Monday, April 02, 2007

Spreading the news: CSU faculty ready to strike

Four years ago this February, I was the acting WPA at SIUC, and I was a member of a faculty union that was poised to go on strike. It was a pretty intense time.

So I'm standing in full solidarity here with the California State University faculty, who, with an amazing "81% voter turnout on the 23 CSU campuses" voted to authorize a strike, should the California Faculty Association and the CSU administration fail to reach an agreement.

The CSU faculty are protesting against the local affects of a wide-spread trend: budgets for instruction have decreased as budgets for administration and research (read: big grant-grabbing research) have increased. From the California Chronicle article linked to above:

John Travis, President of the California Faculty Association, said, “Today, the faculty has spoken loud and clear . . . they want a return to a true focus on the mission of the university — the instruction of students. . . We need to make real progress toward paying the CSU faculty at the same level as our peers around the country. We know this administration has the financial flexibility to make it happen, but they choose not to. If they don’t find the will to reorder their priorities, we don’t want to strike but we will.”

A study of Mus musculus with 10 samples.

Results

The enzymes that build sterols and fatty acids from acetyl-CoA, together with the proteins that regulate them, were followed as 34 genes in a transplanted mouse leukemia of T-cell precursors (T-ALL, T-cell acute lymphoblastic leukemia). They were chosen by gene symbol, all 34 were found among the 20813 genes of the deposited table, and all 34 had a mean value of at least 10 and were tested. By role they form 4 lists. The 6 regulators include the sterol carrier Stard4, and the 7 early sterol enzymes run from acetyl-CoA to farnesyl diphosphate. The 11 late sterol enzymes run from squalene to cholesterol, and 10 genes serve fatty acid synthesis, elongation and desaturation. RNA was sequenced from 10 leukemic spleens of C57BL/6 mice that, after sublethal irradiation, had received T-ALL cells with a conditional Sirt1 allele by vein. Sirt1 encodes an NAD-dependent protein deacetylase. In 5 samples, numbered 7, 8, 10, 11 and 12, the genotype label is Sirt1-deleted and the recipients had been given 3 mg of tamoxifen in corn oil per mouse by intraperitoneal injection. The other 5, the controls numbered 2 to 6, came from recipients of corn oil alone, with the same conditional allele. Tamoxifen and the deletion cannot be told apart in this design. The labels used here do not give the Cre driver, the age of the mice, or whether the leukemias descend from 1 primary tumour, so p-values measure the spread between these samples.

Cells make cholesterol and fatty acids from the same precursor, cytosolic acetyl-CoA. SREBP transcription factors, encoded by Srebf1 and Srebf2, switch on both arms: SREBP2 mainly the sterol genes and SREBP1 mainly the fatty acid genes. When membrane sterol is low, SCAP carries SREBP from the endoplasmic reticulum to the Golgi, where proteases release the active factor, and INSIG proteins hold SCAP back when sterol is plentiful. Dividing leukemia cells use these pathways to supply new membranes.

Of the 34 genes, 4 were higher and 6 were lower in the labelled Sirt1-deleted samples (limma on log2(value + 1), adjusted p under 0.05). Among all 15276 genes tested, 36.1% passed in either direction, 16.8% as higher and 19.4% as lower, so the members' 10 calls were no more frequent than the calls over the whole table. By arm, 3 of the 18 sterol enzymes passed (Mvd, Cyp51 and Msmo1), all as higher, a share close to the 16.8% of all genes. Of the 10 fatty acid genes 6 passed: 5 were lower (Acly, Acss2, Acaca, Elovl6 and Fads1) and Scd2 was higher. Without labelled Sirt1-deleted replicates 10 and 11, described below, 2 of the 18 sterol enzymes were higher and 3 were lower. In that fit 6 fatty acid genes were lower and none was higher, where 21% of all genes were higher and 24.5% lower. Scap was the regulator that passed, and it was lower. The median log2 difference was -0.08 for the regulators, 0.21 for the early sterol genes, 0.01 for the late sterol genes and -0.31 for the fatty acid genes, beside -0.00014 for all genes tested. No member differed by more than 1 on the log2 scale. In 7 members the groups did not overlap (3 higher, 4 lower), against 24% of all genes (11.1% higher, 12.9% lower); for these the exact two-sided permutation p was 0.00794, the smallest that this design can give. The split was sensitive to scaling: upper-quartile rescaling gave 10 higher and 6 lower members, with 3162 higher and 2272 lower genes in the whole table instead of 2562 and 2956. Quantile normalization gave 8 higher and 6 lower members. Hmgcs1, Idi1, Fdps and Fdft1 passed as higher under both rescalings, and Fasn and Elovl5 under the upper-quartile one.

(A little aside: I'm especially interested in the "financial flexibility" piece of this statement. I've been thinking for a long time that the best way for faculty to gain real economic power at universities is to really trace the economies of their institutions. Rather than depend solely on abstractions (as has been the tendency, alas, in much of the literature on the corporatization of the university), faculty would be in position to make much better arguments for reallocation of funds if they can actually see how the money circulates and the different levels (university, legislatures, alumni, etc.) at which information needs to be disseminated.)

Shehun asks that we keep the news circulating. And so I am.